On Sunday night, Uber's board of directors finally chose its next CEO: Dara Khosrowshahi, Expedia's chief executive. The Uber CEO job has been vacant since late Junem when co-founder Travis Kalanick stepped down after being pressured by a group of investors.

Why it matters: At $70 billion, Uber is the most valuable private company in the world. It's also a global business that's facing a multitude of challenges, including ongoing losses, an ugly trade secret theft lawsuit, an aggressive culture that has created an environment of sexual harassment and discrimination, and a strained relationship with drivers, among other things. Hopefully, Khosrowshahi's combination of dealmaking and management skills will help him navigate the above, along with managing a rambunctious board of directors (with one member currently suing another), and of course, working with Kalanick.

Business: Khosrowshahi has been CEO of Expedia since it spun out of IAC/Interactive Corp 12 years ago. In the 1990s, he worked as an investment banker for Allen & Co. and IAC's Barry Diller was one of his clients. In 1998, he joined Diller at IAC.

  • In 1999, IAC attempted to acquire Travelscape. However, Khosrowshahi's tough negotiator tendencies lost him the deal: after he attempted to cut $30 million from the price, Travelscape's founders walked away.
  • But he's learned from the episode. At the helm of Expedia, he oversaw the company's acquisitions of several competitors, including Orbitz, Travelocity, and most recently HomeAway for which it paid $3.9 billion (the deal almost didn't happen).
  • In 2015, he was the highest paid U.S. CEO, raking in $94.6 million, though the compensation package was part of a multi-year contract he signed at the time.
  • He's a transportation technology enthusiast: He personally invested in Seattle-based Convoy, which makes tools for the trucking business, and was excited about taking a ride in a Google self-driving car a couple of years ago. (The latter is suing his new employer, so that's bound to be interesting.)
  • He's on the board of Fanatics (which just raised funding from SoftBank) and The New York Times Co.
  • Khosrowshahi already has one link to Uber: Expedia founder Rich Barton is a venture partner at Benchmark, an early Uber investor that's currently suing Kalanick. Read Axios's interview with him.

Politics: Khosrowshahi has been a vocal critic of Trump and his administration. Along with Amazon and Microsoft, Expedia filed a lawsuit in January against Trump's ban on travel from certain Middle Eastern countries. Read his email to employees.

Personal: Born in Iran in 1969, Khosrowshahi and his family fled to New York in 1978 following the revolution. In high school, he was class president and played lacrosse. He went on to earn a degree in electrical engineering from Brown University but took on a career on Wall Street after falling in love with a woman in New York.

  • Khosrowshahi has four children—two teenagers (and girl and a boy) from his first marriage and young twin boys from his second. He married his current wife, Sydney, in Vegas while wearing jeans.
  • He's a fan of Dungeons and Dragons and World of Warcraft.
  • He's the second cousin of brothers Ali and Hadi Partovi, early investors in Facebook and founders of Code.org. His cousin, Hassan Khosrowhshai, founded Canadian electronics company Future Shop, which sold to Best Buy for $580 million in 2001.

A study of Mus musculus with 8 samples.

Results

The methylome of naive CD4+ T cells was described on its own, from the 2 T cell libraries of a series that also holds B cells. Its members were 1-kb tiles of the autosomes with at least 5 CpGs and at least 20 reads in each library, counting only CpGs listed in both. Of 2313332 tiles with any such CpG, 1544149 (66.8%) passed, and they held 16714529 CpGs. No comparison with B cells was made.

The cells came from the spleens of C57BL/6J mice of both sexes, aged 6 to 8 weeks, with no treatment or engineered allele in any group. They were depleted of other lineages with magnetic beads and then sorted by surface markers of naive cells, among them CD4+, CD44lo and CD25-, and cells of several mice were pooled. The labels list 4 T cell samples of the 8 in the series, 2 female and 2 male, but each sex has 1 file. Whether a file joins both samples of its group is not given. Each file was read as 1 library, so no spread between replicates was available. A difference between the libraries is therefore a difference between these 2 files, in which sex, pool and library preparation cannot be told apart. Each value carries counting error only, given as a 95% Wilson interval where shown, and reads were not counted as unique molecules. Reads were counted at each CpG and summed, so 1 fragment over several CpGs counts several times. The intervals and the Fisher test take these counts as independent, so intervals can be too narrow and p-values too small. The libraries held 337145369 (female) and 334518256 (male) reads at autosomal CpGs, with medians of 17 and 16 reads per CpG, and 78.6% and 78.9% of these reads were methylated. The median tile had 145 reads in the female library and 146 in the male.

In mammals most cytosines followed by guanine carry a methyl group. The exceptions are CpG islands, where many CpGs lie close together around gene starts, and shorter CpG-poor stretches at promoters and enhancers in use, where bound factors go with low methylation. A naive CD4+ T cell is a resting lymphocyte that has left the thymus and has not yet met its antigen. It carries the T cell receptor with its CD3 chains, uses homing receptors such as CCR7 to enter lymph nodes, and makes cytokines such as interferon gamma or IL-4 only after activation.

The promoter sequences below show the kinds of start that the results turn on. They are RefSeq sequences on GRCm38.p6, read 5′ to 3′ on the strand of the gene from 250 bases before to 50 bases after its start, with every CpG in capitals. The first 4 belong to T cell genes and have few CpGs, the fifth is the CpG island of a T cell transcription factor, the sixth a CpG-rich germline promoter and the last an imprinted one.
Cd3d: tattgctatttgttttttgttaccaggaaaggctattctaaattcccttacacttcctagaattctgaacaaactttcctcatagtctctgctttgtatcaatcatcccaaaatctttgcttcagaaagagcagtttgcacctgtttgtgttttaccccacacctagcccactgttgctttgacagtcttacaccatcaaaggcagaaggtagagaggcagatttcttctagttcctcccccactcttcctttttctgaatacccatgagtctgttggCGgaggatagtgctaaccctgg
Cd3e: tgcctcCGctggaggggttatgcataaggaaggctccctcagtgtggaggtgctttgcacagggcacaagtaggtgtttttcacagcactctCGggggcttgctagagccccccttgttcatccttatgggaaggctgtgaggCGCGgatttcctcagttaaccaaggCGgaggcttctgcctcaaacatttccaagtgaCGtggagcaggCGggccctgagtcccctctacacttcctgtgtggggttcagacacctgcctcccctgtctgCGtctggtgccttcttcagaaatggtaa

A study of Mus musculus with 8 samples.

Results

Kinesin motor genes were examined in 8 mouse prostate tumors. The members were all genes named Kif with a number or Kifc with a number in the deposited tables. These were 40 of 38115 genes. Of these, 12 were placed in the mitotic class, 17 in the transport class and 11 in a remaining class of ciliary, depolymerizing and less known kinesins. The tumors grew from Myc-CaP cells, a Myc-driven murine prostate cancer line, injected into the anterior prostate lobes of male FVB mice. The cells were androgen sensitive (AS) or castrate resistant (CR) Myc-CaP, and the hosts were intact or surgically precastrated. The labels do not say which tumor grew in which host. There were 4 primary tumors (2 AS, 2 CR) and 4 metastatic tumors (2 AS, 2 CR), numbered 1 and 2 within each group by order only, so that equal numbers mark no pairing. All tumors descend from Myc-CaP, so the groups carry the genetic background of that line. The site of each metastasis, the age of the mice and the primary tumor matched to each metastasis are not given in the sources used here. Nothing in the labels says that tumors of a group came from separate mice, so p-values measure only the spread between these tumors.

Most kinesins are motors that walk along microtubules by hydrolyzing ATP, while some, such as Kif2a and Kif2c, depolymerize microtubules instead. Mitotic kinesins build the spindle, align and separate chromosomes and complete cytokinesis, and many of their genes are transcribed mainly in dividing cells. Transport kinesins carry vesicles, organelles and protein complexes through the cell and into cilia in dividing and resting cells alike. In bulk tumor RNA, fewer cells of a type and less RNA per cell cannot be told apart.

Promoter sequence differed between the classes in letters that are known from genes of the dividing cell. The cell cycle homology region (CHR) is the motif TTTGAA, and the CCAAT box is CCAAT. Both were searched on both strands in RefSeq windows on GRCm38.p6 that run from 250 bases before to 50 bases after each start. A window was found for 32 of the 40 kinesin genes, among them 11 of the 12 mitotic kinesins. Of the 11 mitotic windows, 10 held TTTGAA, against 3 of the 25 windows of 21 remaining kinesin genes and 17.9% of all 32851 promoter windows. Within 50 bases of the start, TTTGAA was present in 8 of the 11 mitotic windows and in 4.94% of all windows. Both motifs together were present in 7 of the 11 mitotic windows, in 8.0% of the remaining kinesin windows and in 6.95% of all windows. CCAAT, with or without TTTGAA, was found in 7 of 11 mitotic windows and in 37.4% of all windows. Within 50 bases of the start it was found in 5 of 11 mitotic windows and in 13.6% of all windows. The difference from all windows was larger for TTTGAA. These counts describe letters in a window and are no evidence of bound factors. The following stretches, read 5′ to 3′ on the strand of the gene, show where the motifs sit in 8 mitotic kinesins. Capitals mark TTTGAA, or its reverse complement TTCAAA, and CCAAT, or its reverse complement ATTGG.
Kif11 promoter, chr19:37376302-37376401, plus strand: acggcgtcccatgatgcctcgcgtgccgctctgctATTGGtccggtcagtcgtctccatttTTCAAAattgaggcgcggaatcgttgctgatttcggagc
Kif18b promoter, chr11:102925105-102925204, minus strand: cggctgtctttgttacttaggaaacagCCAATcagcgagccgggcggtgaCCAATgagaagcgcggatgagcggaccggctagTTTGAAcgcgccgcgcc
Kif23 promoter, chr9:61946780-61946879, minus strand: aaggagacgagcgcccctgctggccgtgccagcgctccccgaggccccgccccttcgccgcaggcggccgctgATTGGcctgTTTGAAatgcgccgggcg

• Khosrowshahi's family in Iran was entrepreneurial: his father's family founded in 1953 Tolid Daru, a pharmaceuticals manufacturing company.

Go deeper

In photos: Life slowly returning to normal as restrictions lift across U.S.

Fireworks near the Statue of Liberty in New York City marking the end of New York State's pandemic restrictions in New York State and honoring frontline workers. Photo: Tayfun Coskun/Anadolu Agency via Getty Images

New Yorkers and Californians celebrated most COVID-19 restrictions lifting on Tuesday, as the two states became the latest to move toward fully reopening their economies.

The big picture: The pandemic has now claimed over 600,000 lives in the U.S., but vaccines have helped drive down the seven-day average to roughly 14,000 new cases and fewer than 400 deaths per day, helping most states to ease restrictions.

China's government issues warning after sending 28 planes over Taiwan

A J-11B fighter aircraft from China's air force flying over the Dafangshen airport in Changchun, China. Photo: STR/AFP via Getty Images

China's government issued a warning to "foreign forces" after Taiwan reported a record 28 Chinese military planes flew over the self-governed island's airspace Tuesday, per Reuters.

Why it matters: The warning and deployment of aircraft including fighter jets and bombers comes after G7 leaders issued a statement Sunday urging the Chinese government to respect human rights and calling on peace and "stability across the Taiwan Strait."

Southern Baptists reject push from right to elect Ed Litton as president

Photo: Win McNamee/Getty Images

The Southern Baptist Convention (SBC) rejected a push from the right in a divisive vote on Tuesday, electing a president who has prioritized racial reconciliation and approving a measure that rejects any view of racism as "anything other than sin," AP reports.

Why it matters: Ed Litton, as the new SBC president, will have the power to determine committee appointments, which can set the tone for the country's largest Protestant denomination. The SBC is comprised of 14 million members.